Coaching Arcs: Bill Belichick

Bill Belichick Coaching Arc, header

With only 32 spots available in the National Football League, ascending to the top of the organization as the head coach isn’t an easy task. Less a gift, and more something earned through hard work and paying one’s dues, every current head coach boasts a unique story to how they crafted their resume.

Head Coach of the New England Patriots Bill Belichick is one of these 32 head coaches. How did he get there? Here, we look at his path to securing one of the most elusive jobs on the market and where his current team is heading.

How It Started

Belichick’s journey through the world of professional football started over 40 years ago, when he accepted his first post as a Special Assistant to Baltimore Colts Head Coach Ted Marchibroda. He would bounce around between two other teams – the Detroit Lions and the Denver Broncos – over the next three seasons as an Assistant Special Teams Coach. These jobs were part of the legwork that would carry him away from assistant roles as he made his way to leadership.

Beginning of Coaching Career

Bill Belichick Coaching Timeline


In 1979, Belichick joined the New York Giants as the Special Teams Coach under the Head Coach Ray Perkins. Two years into his tenure with the G-Men, his role expanded as he took accountability for the Linebackers too. When Bill Parcells joined the Giants in 1983, Belichick survived the changing of the guard and saw his focus shift fully to the Linebackers. By 1985, he would be serving as the Defensive Coordinator to Parcells. He was the architect of their 1986 defense, which helped to secure a 14-2 regular season record and a victory over the Denver Broncos in the Super Bowl.

Before leaving the New York Giants for his first job as a head coach, Belichick would win one more Super Bowl with the G-Men. This victory came after the 1990 season, when the New York Giants beat the Buffalo Bills, 20-19. He was now the perfect target for several teams with head coach vacancies.

Cleveland Browns

Belichick, only 39 years old at the time, took over the head coach position for the Cleveland Browns. His first season saw a 6-10 record, which placed him third in the AFC Central Division. Eleven of the 16 games they played that season were decided by a touchdown or less.

Things didn’t get much better in 1992 or 1993 – both seasons ended with 7-9 records. It would have been fair for fans to question Belichick at this time, but he had an answer for them in 1994. Turning in an 11-5 record after three seasons with losing records, he was able to bring the Cleveland Browns to the playoffs. They would win their first game, against the New England Patriots, 20-13, only to lose in the next round, 29-9, against the Pittsburgh Steelers.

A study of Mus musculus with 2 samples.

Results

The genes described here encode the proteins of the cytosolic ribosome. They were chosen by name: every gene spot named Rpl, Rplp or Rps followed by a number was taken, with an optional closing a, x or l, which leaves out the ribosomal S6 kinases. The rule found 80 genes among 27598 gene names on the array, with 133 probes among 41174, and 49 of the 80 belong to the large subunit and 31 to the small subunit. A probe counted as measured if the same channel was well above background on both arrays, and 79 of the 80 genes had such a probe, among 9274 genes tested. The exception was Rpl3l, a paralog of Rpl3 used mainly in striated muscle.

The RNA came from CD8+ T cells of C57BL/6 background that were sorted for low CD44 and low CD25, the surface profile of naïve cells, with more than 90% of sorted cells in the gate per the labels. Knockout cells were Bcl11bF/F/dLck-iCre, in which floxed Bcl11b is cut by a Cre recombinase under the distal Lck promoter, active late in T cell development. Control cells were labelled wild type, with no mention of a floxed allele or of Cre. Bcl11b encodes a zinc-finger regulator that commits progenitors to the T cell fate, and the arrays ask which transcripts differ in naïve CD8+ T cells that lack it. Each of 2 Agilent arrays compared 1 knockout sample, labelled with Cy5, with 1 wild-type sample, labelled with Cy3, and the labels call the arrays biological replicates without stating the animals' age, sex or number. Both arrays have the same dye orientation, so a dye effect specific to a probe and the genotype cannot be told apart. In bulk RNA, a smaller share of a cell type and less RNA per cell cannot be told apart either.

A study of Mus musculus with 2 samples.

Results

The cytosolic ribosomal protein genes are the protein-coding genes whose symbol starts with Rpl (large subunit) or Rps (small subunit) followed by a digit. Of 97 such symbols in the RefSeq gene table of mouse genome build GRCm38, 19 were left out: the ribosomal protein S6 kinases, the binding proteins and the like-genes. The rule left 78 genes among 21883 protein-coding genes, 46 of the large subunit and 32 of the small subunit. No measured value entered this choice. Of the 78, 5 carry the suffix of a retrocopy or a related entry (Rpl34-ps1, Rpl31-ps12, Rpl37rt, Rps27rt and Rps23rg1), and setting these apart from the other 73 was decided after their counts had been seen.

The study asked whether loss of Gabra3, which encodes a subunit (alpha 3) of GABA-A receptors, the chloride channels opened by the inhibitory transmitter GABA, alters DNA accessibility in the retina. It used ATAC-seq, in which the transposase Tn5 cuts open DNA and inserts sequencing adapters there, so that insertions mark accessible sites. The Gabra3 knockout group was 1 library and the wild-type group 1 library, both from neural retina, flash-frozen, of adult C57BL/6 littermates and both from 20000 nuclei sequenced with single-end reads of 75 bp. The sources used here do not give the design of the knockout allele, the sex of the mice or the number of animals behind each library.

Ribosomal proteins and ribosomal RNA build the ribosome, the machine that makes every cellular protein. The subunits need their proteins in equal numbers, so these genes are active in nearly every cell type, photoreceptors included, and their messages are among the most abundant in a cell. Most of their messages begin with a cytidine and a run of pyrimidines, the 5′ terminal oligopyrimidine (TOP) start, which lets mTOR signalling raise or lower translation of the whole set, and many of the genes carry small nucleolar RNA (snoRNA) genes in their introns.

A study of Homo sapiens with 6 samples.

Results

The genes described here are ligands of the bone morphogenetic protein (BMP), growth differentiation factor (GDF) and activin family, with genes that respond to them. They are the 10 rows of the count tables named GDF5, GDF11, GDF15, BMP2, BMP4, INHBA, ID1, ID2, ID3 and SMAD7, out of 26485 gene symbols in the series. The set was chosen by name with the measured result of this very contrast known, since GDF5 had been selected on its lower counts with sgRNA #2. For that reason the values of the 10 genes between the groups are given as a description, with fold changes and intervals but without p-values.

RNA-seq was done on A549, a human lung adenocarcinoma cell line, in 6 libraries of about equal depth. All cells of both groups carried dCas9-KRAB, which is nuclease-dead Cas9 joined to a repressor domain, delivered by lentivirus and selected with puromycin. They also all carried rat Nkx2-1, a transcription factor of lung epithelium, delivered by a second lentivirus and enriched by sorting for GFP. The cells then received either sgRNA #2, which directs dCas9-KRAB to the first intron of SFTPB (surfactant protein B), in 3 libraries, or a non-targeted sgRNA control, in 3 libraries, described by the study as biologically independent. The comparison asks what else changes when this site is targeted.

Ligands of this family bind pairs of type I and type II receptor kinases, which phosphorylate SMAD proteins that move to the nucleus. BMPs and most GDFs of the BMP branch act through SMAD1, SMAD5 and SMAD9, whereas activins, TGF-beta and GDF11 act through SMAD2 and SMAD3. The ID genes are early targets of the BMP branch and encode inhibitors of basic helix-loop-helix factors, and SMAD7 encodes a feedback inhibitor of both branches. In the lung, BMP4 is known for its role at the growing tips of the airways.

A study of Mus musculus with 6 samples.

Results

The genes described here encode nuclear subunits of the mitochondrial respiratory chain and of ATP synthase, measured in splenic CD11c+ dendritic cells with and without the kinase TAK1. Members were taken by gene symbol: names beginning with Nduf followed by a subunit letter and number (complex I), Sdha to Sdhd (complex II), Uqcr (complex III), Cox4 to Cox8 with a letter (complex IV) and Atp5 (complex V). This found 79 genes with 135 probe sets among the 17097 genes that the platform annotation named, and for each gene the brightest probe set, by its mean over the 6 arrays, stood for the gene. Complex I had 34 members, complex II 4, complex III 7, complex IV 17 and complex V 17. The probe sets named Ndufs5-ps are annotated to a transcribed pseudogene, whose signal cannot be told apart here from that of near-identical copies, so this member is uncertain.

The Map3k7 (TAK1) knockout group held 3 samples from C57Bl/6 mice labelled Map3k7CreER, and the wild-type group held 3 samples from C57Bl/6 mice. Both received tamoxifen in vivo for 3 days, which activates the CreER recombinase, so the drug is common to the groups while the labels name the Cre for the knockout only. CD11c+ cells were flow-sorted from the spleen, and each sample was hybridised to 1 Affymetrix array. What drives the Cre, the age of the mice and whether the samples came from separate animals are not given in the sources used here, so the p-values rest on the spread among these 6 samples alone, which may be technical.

With a letdown the following year, where the team regressed to a 5-11 record, Belichick’s time with the Cleveland Browns came to a close. The 1995 season would be his last as their head coach, in addition to Cleveland’s last year with these Browns. They moved to Baltimore and became the team we now know as the Ravens.

New England Patriots

Belichick’s next chance at a head coach position wouldn’t come for several years, but he would get a chance to audition for that team as an assistant head coach for Bill Parcells and the 1996 New England Patriots team. He would be part of a Super Bowl run that saw the Pats lose 35-21 to the Green Bay Packers.

It would take a first-round draft pick in the 2000 NFL Draft, as well as fourth- and seventh-rounders in 2001 to acquire Belichick as their head coach from the New York Jets, where he had been serving as the assistant head coach. It could be argued this was the best trade in the history of modern football.

It only took two seasons before Belichick brought the first Lombardi trophy to the case at Foxboro, as he nurtured the then green Tom Brady to carry his team to a 20-17 victory over the St. Louis Rams. This would begin a history of dominance not replicated, and potentially never to be repeated. After winning their most recent Super Bowl in 2014, and ushering the Patriots to a 14-2 regular season record in 2016 without Tom Brady available for the first four games, is there a better head coach currently working in professional football today?

All-Time Best?

Lombardi. Landry. Madden. Shula. These are names you could consider as part of a Mount Rushmore of NFL head coaches. But with his success across multiple teams, and four Super Bowl rings as a head coach, it’s easy to make a case that Belichick is the greatest coach of all time. Will he continue to further his case with a Super Bowl win this year? Patriots fans can only hope.